Although salary is still considered a taboo topic in many workplaces, new data released by PayScale show that openly sharing employee salaries could be a top solution to closing the gender pay gap.
Right now, at the current rate of change, global gender parity will not be reached for another 99.5 years, according to the World Economic Forum. Using data from its platform, PayScale analyzed over 1.6 million survey responses in the U.S. on compensation and looked at around 400,000 responses from women who specifically spoke about pay transparency at work.
For women who agreed that their organization was transparent about the pay of its employees, PayScale found that the women earned between $1 and $1.01, on average, for every $1 a man earned at their company.
Women who strongly disagreed that their organization was transparent about pay earned, on average, 97 cents for every dollar earned by their male colleagues who had the same experience, did the same job and lived in the same area.
Though a three-cent difference may seem small, PayScale's CEO Scott Torrey points out that this difference in pay can easily add up to a significant loss over the course of a woman's career.
"Most employers want to pay all employees fairly," he tells CNBC Make It. "But it is clear to us that unconscious bias is part of human nature. And in many examples, it plays into the data that we see."
For example, a 2018 study from PayScale found that women and people of color are less likely to receive a pay raise when they ask for one, compared to white men, furthering the gender and racial pay gap that exists today.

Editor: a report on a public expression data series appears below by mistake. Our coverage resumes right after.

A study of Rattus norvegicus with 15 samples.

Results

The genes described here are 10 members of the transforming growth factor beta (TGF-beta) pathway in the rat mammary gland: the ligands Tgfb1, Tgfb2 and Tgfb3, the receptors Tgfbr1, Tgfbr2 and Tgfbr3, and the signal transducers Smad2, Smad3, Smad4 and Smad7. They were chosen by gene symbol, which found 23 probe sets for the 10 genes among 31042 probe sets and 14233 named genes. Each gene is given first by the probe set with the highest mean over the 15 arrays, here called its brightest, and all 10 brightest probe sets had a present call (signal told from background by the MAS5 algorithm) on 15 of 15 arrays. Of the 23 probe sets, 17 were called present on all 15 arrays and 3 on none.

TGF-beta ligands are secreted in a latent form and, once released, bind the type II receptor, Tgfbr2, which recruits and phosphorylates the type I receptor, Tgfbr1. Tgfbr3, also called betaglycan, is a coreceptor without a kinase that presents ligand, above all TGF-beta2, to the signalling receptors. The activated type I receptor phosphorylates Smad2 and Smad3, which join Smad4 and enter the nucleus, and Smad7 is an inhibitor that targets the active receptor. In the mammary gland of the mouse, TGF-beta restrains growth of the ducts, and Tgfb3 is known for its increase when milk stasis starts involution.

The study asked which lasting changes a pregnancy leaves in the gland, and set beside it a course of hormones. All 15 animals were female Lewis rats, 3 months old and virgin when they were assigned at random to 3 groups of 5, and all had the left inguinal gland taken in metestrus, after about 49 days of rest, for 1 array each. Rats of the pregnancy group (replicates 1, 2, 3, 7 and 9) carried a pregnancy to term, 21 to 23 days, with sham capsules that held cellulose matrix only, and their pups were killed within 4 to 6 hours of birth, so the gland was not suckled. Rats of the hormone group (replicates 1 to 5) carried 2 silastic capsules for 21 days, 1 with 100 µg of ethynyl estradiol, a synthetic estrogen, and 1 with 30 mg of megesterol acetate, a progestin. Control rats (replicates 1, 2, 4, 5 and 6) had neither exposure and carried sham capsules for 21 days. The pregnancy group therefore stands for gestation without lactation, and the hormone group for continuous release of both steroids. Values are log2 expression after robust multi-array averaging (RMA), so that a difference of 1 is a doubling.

But, when companies are open and honest about the salaries they give all employees, PayScale found that the wage gap in most industries and at all job levels disappears.
At the director level, women saw the largest jump in pay equity when their company is transparent. Women who work in a director-level role and who strongly disagree that their organization is transparent about pay earn 91 cents for every dollar earned by men. Women in director-level roles who strongly agree that their organization is transparent about pay earn salaries equal to men.
When looking specifically at industries, PayScale found that women in most fields made equal, and sometimes even more than men, when organizations were open and honest about salary. However, a few male-dominated industries like construction, food preparation, and maintenance and repair still fell shy of pay equity by four cents or less, even with transparent pay practices.
"I think the biggest thing that you're seeing there is the fact that there are a lot of barriers to entry to actually having an open and honest conversation about pay," says PayScale's director of research Sudarshan Sampath. He explains that in addition to these industries having fewer women in their field, most of these occupations are still very traditional in terms of how they manage their payroll. For example, while many industries have progressed to using software management systems, Sampath says some of these traditionally male-dominated industries still rely on old methods like Excel spreadsheets and timesheets, making it easy for human biases to creep in.
"They've been doing their pay practices using an account ledger and Excel for 30, 40 years," he says. "And the idea that they're going to immediately switch over to a software that addresses pay transparency [may be] a little advanced." Though transparency can certainly be achieved without the help of software and technology, Sampath says it will require these industries to do the necessary work needed to have "open and honest conversations about pay."
Torrey explains that in today's tight labor market, being transparent about salary could easily be a competitive advantage for many companies. That's why he advises employers who are looking to close their wage gap to closely examine how they're assessing an individual's compensation.
"A super important guiding principle is to price the job, not the person," he says. "The more that we let the unconscious biases associated with Sally, Joe or Tom fit into the discussion, the more we are immediately exposing ourselves to those biases."